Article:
Small Galaxy Packs Black Hole Whopper

NGC 1277 is embedded in the nearby Perseus galaxy cluster -- the small galaxy in the center of this image. Compared to all the other galaxies around it, NGC 1277 is very compact and flat. Click to enlarge this image. David W. Hogg, Michael Blanton, and the SDSS Collaboration
David W. Hogg, Michael Blanton, and the SDSS Collaboration

The black hole behemoth is 17 billion times the mass of the sun. Astronomers have no clue why it's so big.

Astronomers have found a super-super-massive black hole comprising a whopping and unprecedented 59 percent of the mass of stars in the central bulge of its host galaxy, a discovery that adds a new twist to the mysterious relationship between a galaxy and its black hole.

The black hole inside the small, compact galaxy known as NGC 1277, located about 250 million light years away in the constellation Perseus, weighs in at 17 billion times the mass of the sun.

In comparison, the supermassive black hole at the heart of our Milky Way galaxy is equal to the mass of about 4 million suns.


How 1277's black hole came to be so large is mystery.

"We didn't expect these systems to exist at all, but because the stars move so incredibly fast in the centers of these objects, we know these big black holes exist in these small galaxies," astronomer Remco van den Bosch, with the Max Planck Institute for Astronomy in Germany, wrote in an email to Discovery News.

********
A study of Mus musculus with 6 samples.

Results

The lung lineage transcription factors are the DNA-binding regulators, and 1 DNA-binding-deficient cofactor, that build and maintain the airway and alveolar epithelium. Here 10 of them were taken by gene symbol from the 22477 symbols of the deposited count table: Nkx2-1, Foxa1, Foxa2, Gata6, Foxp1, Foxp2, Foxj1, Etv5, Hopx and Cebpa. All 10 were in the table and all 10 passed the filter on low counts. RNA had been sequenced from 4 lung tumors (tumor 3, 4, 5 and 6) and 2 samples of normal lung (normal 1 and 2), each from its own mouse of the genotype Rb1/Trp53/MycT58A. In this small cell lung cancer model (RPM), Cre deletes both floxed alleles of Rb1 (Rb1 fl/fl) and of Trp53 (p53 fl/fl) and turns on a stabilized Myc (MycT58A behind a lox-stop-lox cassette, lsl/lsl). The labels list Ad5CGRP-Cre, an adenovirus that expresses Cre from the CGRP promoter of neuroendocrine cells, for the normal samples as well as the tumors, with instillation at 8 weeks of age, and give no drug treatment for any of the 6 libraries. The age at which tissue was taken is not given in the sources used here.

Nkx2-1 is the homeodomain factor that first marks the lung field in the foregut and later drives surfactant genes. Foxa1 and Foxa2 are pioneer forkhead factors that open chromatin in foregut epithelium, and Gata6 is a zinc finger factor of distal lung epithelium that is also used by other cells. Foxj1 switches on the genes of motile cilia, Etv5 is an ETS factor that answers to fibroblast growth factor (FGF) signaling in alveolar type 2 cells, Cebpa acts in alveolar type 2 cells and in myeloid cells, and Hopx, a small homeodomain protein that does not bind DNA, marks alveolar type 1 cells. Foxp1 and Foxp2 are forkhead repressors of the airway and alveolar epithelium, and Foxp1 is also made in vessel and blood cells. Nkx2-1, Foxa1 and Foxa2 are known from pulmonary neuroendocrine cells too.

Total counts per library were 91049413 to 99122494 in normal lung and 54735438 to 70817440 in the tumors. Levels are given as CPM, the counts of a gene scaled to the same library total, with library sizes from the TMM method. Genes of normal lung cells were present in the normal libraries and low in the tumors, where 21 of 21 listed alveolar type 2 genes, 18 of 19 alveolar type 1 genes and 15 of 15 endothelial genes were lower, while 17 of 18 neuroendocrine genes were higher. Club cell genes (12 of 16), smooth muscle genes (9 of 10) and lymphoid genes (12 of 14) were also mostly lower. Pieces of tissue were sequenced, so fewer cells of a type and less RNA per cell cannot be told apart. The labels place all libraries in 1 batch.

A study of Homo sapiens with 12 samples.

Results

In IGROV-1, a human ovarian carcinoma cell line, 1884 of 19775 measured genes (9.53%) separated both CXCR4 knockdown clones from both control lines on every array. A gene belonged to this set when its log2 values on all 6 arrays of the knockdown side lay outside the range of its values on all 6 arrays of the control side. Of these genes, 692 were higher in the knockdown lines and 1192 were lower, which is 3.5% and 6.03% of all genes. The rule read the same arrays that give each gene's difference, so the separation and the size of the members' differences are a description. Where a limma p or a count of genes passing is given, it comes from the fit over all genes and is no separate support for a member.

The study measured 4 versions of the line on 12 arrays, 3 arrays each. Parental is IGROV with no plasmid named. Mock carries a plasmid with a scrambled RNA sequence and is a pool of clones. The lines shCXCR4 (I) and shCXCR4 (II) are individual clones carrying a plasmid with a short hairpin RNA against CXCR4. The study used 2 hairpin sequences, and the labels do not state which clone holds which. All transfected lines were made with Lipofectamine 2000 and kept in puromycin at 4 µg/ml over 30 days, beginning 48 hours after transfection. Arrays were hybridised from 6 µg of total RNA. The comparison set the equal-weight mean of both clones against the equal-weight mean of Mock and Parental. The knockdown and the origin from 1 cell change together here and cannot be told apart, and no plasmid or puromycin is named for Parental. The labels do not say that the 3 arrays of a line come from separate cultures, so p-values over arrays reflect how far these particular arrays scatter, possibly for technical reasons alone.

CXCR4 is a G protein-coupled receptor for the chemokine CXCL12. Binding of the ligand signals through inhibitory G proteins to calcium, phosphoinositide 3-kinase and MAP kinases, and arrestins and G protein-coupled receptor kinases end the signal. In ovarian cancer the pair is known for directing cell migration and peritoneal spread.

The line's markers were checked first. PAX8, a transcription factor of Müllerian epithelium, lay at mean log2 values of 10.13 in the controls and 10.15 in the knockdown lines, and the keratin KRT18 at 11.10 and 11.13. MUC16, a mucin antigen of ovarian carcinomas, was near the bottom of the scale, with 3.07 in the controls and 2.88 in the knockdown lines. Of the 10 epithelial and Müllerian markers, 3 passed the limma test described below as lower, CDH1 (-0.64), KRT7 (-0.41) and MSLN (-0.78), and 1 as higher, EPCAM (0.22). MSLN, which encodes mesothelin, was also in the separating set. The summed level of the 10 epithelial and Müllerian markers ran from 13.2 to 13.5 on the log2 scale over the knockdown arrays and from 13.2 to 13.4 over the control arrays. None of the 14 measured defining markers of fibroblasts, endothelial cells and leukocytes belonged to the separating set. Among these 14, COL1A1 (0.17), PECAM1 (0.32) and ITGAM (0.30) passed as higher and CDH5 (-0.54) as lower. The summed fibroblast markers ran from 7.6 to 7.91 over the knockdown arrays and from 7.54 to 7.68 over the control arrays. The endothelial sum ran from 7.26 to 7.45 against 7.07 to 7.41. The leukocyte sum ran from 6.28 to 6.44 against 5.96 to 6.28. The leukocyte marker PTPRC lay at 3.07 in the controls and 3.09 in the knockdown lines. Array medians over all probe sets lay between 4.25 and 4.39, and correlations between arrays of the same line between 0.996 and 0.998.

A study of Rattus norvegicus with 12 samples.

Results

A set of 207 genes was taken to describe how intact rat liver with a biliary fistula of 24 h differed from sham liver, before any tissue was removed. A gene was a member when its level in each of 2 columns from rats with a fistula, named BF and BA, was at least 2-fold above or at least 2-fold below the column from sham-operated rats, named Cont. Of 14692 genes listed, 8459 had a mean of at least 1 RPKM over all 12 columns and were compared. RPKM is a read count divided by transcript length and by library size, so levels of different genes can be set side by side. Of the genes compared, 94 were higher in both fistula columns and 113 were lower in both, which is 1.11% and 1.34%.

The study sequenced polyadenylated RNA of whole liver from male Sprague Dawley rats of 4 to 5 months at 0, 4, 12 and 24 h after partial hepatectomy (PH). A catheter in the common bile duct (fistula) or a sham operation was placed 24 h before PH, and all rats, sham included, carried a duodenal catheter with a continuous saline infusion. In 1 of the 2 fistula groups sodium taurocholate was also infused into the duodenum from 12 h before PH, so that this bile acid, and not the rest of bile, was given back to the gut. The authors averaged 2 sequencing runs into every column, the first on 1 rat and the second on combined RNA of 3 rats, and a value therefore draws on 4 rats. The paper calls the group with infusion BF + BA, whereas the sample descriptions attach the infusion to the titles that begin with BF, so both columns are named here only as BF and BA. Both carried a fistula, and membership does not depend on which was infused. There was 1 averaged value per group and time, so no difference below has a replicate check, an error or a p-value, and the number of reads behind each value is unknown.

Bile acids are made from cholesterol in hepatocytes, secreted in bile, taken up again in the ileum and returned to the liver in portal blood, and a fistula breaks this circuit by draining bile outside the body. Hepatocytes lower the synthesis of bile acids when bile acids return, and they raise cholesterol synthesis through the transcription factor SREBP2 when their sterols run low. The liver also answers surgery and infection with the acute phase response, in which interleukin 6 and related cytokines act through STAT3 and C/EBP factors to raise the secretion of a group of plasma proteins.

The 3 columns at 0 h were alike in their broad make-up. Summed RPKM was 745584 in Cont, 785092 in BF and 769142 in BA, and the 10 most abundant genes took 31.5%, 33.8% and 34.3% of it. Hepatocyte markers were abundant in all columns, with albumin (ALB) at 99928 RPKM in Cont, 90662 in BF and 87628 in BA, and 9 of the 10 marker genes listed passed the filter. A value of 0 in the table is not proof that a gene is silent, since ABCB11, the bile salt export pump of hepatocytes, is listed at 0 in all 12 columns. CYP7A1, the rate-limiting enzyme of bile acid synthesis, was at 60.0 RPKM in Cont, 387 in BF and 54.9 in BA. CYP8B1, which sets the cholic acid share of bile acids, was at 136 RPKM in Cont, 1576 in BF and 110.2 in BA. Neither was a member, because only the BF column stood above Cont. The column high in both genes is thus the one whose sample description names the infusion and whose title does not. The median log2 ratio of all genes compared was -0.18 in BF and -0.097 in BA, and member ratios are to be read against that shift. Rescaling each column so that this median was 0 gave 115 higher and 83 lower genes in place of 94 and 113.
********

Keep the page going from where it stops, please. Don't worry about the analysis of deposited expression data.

However the galaxy and its black hole came to cohabitate, they've been together and in relative peace for a long, long time.

The galaxy has a flat disk, indicating its stars are, and have been, relatively undisturbed for eons. If the black hole had been feeding, the flux of infalling material would have triggered new star formation, van den Bosch said.

"This black hole -- and galaxy -- must have formed in its final form fairly quickly after the big bang. We do not have any information on whether the black hole formed before the galaxy, but most likely it happened at the same time," van den Bosch wrote.


NGC 1277 might not be alone. Astronomers are studying about a half-dozen more similar galaxies that may harbor disproportionately large black holes.

"It would likely mean that these oddball galaxies follow a different evolutionary path than the typical galaxy," astronomer Karl Gebhardt, at the University of Texas in Austin, told Discovery News.

"It could also mean that we have to modify some of the basic ideas for how black holes and their galaxies evolve," he said.

The research is published in this week's Nature.